Katrina Shanks is the chief executive of Financial Advice New Zealand.
OPINION: When New Zealand signed a co-operation deal on climate change with California it opened up opportunities for the sharing of information, experiences and research in reducing emissions as well as working together on projects that are good for the climate.
The state of California by itself is the fifth-biggest economy in the world (above the UK and just behind Germany), so any joint projects have real potential. The agreement provides a framework for co-operation across a range of sectors, including on zero emissions vehicles, energy storage and smart grids, emissions trading schemes, and climate smart agriculture.
Our Government said it would open up new opportunities for businesses and unlock the potential for private sector innovation and collaboration.
To do that, they will be looking for investors, and that’s when they will be pushing the value of the work they’re doing – their ethical credentials – to encourage people who want to put their money into something that’s going to do good for the planet.
This is already happening across a wide range of companies and being offered by a range of platforms and funds, and is attracting an increasing number of investors who want to buy shares in companies “doing the right thing” by the planet.
It’s called ethical investing, but it’s not restricted to the environment. It can include companies that practise or promote strong social and community values, trade in animal products, or make assault rifles.
So, does ethical investing make a difference, is there money to be made from it, and how do you avoid falling victim to something called “greenwashing”?
For a start, there’s no one definition of ethical investing. It’s simply about your preferences and what you’re comfortable with.
Of course, some investments are considered more ethical than others. For example, those that work in renewable energy or recycling versus those that drill for fossil fuels.
Of you might like a company because it employs lots of people from ethnic minorities, or women, versus those that don’t care about that.
What’s ethical to you may not be ethical to someone else.
What’s ethical, what’s not
Ethical claims are not like organic claims, where companies or funds have to go through a process to prove what they’re doing is what they’re claiming.
Those making “ethical” claims don’t have to prove what they claim.
Investors often have to second-guess things because companies might not don’t disclose everything they do or where they get products from.
Finding ethical companies
There are several ways you can check out a company and its claims.
You could do a Google search for that company’s name to find any news article about it.
Or you could have a look at its annual report on its website. Often this will reveal a lot.
You could also check out the website of the Responsible Investment Association of Australasia (RIAA), which has an online tool to help investors find funds that align with their own goals and ethical values. This is fast and easy and contains a wealth of information.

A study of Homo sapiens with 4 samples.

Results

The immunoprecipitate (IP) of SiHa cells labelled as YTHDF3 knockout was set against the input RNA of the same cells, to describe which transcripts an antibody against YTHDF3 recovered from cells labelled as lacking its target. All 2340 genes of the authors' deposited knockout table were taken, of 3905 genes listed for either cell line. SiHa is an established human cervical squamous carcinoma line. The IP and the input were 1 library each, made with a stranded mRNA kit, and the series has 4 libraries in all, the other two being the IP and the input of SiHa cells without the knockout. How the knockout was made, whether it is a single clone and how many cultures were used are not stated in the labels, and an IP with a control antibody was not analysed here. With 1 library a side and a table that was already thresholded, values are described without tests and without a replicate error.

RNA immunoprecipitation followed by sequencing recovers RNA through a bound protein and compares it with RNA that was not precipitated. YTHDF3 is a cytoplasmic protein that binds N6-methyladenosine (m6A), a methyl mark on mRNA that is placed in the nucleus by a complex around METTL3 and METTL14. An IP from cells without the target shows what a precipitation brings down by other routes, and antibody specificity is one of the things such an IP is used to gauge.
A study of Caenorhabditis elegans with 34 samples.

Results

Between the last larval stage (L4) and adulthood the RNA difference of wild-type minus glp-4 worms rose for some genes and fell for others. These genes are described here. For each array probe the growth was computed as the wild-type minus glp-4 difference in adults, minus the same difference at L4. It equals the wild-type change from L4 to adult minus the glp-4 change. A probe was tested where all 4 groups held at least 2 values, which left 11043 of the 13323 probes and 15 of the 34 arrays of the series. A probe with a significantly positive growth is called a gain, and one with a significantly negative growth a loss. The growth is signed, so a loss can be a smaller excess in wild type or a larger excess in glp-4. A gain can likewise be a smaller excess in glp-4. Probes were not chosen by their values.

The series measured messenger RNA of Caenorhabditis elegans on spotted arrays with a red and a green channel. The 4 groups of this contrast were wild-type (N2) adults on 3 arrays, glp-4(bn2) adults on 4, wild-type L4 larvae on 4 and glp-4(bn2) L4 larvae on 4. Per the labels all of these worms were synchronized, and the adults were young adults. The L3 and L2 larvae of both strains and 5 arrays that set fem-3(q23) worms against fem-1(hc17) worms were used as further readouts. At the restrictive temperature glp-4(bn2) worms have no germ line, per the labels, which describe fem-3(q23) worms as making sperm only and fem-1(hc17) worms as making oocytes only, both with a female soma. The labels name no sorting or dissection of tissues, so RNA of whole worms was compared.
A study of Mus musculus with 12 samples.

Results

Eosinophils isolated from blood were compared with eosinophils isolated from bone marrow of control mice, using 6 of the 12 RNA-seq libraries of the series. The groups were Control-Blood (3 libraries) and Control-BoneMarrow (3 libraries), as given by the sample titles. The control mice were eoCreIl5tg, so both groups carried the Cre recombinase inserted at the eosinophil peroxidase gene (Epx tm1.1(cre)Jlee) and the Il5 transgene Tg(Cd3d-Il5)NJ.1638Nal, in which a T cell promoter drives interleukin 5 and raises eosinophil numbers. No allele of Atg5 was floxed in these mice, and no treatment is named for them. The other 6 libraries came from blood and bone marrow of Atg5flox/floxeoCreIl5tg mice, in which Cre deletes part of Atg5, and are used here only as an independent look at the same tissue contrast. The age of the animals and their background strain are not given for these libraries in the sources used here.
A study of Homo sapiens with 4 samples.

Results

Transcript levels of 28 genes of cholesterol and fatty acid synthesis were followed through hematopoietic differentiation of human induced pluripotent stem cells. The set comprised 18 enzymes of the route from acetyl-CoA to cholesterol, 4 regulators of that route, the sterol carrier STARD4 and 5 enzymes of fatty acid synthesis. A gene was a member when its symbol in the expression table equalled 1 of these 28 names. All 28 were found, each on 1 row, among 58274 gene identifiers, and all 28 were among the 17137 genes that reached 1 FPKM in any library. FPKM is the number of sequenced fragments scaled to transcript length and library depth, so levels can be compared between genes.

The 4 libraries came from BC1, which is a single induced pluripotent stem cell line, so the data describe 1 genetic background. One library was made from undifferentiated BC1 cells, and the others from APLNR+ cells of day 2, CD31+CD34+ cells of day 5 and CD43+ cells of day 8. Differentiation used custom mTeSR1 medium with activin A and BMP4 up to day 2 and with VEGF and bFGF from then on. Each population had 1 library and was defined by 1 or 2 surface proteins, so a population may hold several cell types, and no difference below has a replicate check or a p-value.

If you’re investing through an exchange-traded fund (ETF) to buy bonds or shares in companies, the manager of that fund should be able to answer all questions around what companies they’re investing in and their ethical values.
You could also look at the configuration of funds which are deemed to be ethically conscious. For example, Vanguard has an Ethically Conscious International Share Index Fund which comprises over 1600 shares. Some shares included in the fund are Apple, Microsoft, Amazon, Tesla, Alphabet, UnitedHealth, Facebook, Nestle, Visa, Home Depot, Samsung, Coca-Cola just to name a few.
Or you could get a financial adviser to do this research for you based on what you believe is ethical.
What are the returns on ethical investing?
Traditionally, most people have thought returns on investments in companies claiming ethical qualities were not as good as other investments, and there was some truth in that.
Such funds typically had higher fees, while companies that work ethically – for example, insist on having their shoes or shirts made locally where wages are higher, rather than in countries that pay workers a pittance – had higher costs, and so lower profits and dividends.
That remains true to a certain extent, but according to the RIAA, returns in many ethical funds and companies are now out-performing others.
And you have the satisfaction knowing your money is contributing to a positive social or environmental impact.
Do your research
The key to ethical investing is to decide what you want to do and then do your research and ask a lot of questions.
This will help you avoid so-called “greenwashing”, where funds and companies can exaggerate or fudge their claims and what they’re doing.
They can claim too much or not be transparent and choose language that makes it seem like they’re ethical when they’re not – sometimes it’s as much about what they don’t say as what they do say.
Beware of false claims. It’s not always just about what companies produce or where they source ingredients or parts, but how they treat their workers, and how well they pay them.
Personally, I have focussed on sectors which do not align with my personal belief system and ensure I do not include these in my portfolios.
As my financial adviser would say, ethical investing is about you as an investor taking some control and saying how you would like your funds to be invested. Ethical investing may be like whether you chose to ride your bike to run an errand, or jump in the car, or perhaps consciously paying to offset the carbon emissions from your next flight. You singularly may not make a difference, but collectively it does make a difference.